Autism Spectrum Disorder (ASD) on the rise


Understanding the growing number of people on the spectrum

Young man talking to female psychologist during session

The numbers are startling

The CDC reports that 1 in 36 U.S. children now have Autism Spectrum Disorder (ASD). The rate among adults is slightly lower at 1 in 45.

Observers suggest numbers may rise still.

"There is a researcher at Université de Montréal who says that if diagnoses get much higher, let's just say ASD is a universal diagnosis," says Nina Sand-Loud, MD, Developmental and Behavioral Pediatrician at Dartmouth Health Children's.

There are upsides to the increase in diagnoses

One is greater awareness.

William Hudenko, PhD, Adjunct Assistant Professor at the Department of Psychiatry at Dartmouth's Geisel School of Medicine, says the popularization of ASD in the media reflects its growing acceptance.

Hudenko points to television shows and Netflix series with lead characters who present with ASD.

"The Big Bang Theory," "Atypical," and "Love on the Spectrum" are three that come to his mind. "All have characters who express some of the complex experiences of ASD, and we enjoy and relate to them," he says.

Social media also is playing its part in reducing the stigma associated with ASD, particularly among teens and young adults, says Section Chief, Child and Adolescent Psychiatry at Dartmouth Health Children's, Jennifer McLaren, MD, DFAACAP.

"Youth are feeling less stigma in terms of mental health diagnoses," she says.

They are also more willing to explore what having ASD means.

Influencer Paige Layla, author of the bestselling book But Everyone Feels This Way; How an Autism Diagnosis Saved My Life, has more than 2.5 million TikTok followers.

Earlier this year, Tallulah Willis, the 30-year-old daughter of Demi Moore and Bruce Willis, opened up about her autism diagnosis, sharing a video on Instagram of her as a young child playing with her father's ear as he speaks to reporters.

"Tell me your [sic] autistic without telling me your [sic] autistic," Willis captioned the post.

Defining ASD has challenges

To be on the autism spectrum, a person must have persistent deficits in at least three areas of social communication and interaction, plus at least two of four types of restrictive, repetitive behaviors like hand-flapping or intense focus on a specific interest.

Complicating an already complex diagnosis is the American Psychological Association's (APA's) decision in 2013 to remove the less profound Asperger's from the Diagnostic and Statistical Manual of Mental Disorders and fold it into the new term, Autism Spectrum Disorder.

One effect of that APA decision is that people on the edge of the spectrum are in the same group as those who struggle with profound challenges like being non-verbal.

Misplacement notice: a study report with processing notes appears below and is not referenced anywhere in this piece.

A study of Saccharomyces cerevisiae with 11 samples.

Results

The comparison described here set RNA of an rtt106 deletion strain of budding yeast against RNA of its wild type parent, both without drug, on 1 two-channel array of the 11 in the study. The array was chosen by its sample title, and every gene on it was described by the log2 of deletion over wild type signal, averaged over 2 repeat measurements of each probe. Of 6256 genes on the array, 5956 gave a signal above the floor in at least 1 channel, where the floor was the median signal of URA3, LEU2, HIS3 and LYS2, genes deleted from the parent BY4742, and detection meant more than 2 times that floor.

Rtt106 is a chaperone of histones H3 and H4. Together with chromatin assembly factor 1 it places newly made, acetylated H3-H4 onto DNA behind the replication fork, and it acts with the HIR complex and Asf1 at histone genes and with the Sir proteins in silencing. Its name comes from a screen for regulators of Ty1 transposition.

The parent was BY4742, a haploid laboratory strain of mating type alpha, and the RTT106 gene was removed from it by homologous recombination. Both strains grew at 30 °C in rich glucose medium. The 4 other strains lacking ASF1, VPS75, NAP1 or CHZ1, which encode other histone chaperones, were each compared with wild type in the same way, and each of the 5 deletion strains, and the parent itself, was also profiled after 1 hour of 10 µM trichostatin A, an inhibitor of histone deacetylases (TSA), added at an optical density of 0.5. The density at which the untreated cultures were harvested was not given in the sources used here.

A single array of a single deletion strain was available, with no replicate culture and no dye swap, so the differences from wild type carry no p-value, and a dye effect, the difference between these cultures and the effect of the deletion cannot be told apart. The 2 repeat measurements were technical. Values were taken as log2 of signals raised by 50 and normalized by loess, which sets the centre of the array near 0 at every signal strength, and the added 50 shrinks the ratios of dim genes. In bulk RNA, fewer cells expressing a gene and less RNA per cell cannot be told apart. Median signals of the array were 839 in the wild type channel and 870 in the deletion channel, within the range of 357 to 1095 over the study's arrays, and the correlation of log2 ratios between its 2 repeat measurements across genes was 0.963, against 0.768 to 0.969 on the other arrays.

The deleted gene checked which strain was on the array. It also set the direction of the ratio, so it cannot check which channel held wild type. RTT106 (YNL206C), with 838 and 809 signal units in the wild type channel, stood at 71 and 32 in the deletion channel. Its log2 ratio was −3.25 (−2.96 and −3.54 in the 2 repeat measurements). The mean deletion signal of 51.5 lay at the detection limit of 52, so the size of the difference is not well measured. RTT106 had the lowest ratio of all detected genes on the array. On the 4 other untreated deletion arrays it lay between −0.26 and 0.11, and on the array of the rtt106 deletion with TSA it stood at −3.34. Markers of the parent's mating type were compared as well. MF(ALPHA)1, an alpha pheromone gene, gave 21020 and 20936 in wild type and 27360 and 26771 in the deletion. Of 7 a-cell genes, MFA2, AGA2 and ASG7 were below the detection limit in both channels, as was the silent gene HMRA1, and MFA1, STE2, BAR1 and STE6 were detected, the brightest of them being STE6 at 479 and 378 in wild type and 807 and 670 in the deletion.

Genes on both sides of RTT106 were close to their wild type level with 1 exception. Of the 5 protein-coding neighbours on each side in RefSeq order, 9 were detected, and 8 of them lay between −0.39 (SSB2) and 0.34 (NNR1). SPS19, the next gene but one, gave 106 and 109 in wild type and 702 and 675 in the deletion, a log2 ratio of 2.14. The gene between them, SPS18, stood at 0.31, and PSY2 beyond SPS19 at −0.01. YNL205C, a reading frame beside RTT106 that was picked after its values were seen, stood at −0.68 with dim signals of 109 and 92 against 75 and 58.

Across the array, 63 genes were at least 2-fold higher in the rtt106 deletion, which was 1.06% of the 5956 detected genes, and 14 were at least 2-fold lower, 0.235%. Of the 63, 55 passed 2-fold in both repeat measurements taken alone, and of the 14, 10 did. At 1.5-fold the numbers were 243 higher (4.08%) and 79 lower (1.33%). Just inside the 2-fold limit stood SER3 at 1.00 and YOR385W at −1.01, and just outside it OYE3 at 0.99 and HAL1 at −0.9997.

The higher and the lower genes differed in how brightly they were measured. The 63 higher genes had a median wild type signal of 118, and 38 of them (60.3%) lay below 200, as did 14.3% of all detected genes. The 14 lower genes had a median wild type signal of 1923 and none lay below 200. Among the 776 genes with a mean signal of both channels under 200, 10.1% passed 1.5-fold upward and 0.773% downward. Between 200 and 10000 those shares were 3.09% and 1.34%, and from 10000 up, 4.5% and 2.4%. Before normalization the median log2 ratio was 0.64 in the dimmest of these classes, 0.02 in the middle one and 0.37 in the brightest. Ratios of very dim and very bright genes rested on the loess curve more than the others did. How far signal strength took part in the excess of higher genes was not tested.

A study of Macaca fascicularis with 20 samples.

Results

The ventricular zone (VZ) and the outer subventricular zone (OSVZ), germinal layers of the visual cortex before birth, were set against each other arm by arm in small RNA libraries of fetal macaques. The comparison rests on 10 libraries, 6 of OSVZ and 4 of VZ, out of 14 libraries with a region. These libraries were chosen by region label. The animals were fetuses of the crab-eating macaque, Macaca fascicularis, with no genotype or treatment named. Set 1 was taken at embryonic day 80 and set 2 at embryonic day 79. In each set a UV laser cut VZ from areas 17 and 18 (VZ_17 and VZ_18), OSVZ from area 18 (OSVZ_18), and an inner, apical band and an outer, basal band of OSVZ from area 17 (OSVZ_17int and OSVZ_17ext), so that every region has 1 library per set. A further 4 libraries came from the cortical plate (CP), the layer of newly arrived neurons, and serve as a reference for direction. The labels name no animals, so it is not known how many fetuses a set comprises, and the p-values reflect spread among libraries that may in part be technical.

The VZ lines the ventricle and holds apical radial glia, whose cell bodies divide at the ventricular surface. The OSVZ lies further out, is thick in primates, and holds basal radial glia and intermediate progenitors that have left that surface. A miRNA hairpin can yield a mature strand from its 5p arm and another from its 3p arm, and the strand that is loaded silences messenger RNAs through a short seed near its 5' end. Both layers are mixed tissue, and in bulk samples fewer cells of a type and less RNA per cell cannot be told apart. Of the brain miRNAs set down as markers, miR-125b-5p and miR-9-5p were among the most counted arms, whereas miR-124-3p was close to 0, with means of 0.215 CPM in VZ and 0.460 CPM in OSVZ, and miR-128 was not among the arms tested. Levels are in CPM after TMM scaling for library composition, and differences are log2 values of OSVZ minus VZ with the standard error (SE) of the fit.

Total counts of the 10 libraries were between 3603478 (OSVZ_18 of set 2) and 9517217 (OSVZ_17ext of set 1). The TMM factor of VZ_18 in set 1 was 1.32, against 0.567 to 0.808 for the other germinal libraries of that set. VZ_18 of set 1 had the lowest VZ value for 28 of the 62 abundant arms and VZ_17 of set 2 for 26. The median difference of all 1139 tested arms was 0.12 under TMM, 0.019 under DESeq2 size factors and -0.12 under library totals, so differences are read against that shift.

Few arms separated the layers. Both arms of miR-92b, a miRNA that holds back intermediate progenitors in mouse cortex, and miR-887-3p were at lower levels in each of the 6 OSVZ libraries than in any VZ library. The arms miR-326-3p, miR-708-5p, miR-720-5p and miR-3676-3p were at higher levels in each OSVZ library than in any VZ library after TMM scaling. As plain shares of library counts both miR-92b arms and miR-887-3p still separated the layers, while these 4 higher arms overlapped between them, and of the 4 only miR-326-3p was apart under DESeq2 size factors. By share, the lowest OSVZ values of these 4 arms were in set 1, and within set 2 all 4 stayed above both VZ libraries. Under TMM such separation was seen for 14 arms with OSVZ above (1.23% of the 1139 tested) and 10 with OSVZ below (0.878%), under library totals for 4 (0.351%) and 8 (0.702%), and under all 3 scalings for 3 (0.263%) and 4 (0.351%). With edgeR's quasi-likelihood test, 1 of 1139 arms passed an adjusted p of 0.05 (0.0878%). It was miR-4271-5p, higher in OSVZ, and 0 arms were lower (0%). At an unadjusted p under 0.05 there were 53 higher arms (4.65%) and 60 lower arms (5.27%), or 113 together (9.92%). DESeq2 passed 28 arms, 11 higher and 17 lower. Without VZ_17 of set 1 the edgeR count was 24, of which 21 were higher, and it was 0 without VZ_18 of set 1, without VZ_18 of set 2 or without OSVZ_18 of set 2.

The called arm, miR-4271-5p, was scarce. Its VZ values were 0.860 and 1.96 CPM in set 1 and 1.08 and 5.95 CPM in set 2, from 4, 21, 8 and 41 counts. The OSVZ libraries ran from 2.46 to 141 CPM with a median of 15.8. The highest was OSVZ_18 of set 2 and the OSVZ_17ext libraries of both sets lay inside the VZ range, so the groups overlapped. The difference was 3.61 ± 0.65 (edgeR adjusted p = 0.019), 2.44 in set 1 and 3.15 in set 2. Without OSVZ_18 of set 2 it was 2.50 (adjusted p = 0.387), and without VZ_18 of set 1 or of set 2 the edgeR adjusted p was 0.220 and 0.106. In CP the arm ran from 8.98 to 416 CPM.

"They were trying to make it clearer, and I think, in their attempts to make it clearer, they made it less clear, which sometimes happens," says Sand-Loud.

McLaren says she now sees parents who believe their child is on the spectrum only to learn they actually have ADHD (attention-deficit/hyperactivity disorder).

Hudenko notes that children who are very intelligent can be mistakenly perceived to have ASD.

A downside to the rise in diagnoses among children

"Things have become very challenging because of the numbers seeking out evaluations," says Sand-Loud, referring to the many parents who are worried their child may have ASD.

She recommends concerned parents begin not by assuming their child has ASD but by identifying and getting support for their child's specific challenges through school or an early intervention program while waiting for a full evaluation.

"We don't want a two-and-a-half-year-old waiting six months to see me before they get services. That's wasting valuable time," she says, noting the importance of early intervention when the brain is most malleable and still developing.

Those diagnosed as adults often have milder symptoms

Given the awareness of mental health challenges among young adults, it is perhaps no surprise the greatest increase in adult ASD diagnoses is between the ages of 25 to 34 and those who have milder symptoms.

If you suspect you might have ASD and it is impacting how you function in the world, McLaren recommends raising your concerns with your provider first.

If you are concerned that a loved one is struggling and would benefit from talking to their provider, base your conversation on what you observe, not on your assumption they have ASD.

Remember, too, in your interactions, that your learned social script might not be theirs.

Not everyone will welcome an ASD diagnosis

"It can make you feel as if you have been put into a box that you don't want to be in," says a 32-year-old woman from White River Junction, Vermont.

One mother of a 33-year-old son who lives in a nearby Vermont town says her son was diagnosed with Asperger's in elementary school but still refuses to consider himself on the spectrum.

"He wants nothing to do with it," she says.

If you accept your ASD diagnosis

Psychologists say sharing can help people better understand you.

ASD may mean not making eye contact, which makes some people uncomfortable. "But if you say the reason is 'I have ASD,' now that person does not feel the same negative social impact," says Hudenko.

McLaren recommends letting people know in your workplace, too. If they don't respond well, that employer may not be right for you.

When the woman from White River Junction told her husband her diagnosis, he said, "That makes a lot of sense, actually."

What would she tell adults with ASD symptoms?

"It's not as scary as you think. A diagnosis gives clarity you've never had into who and why you are the way you are."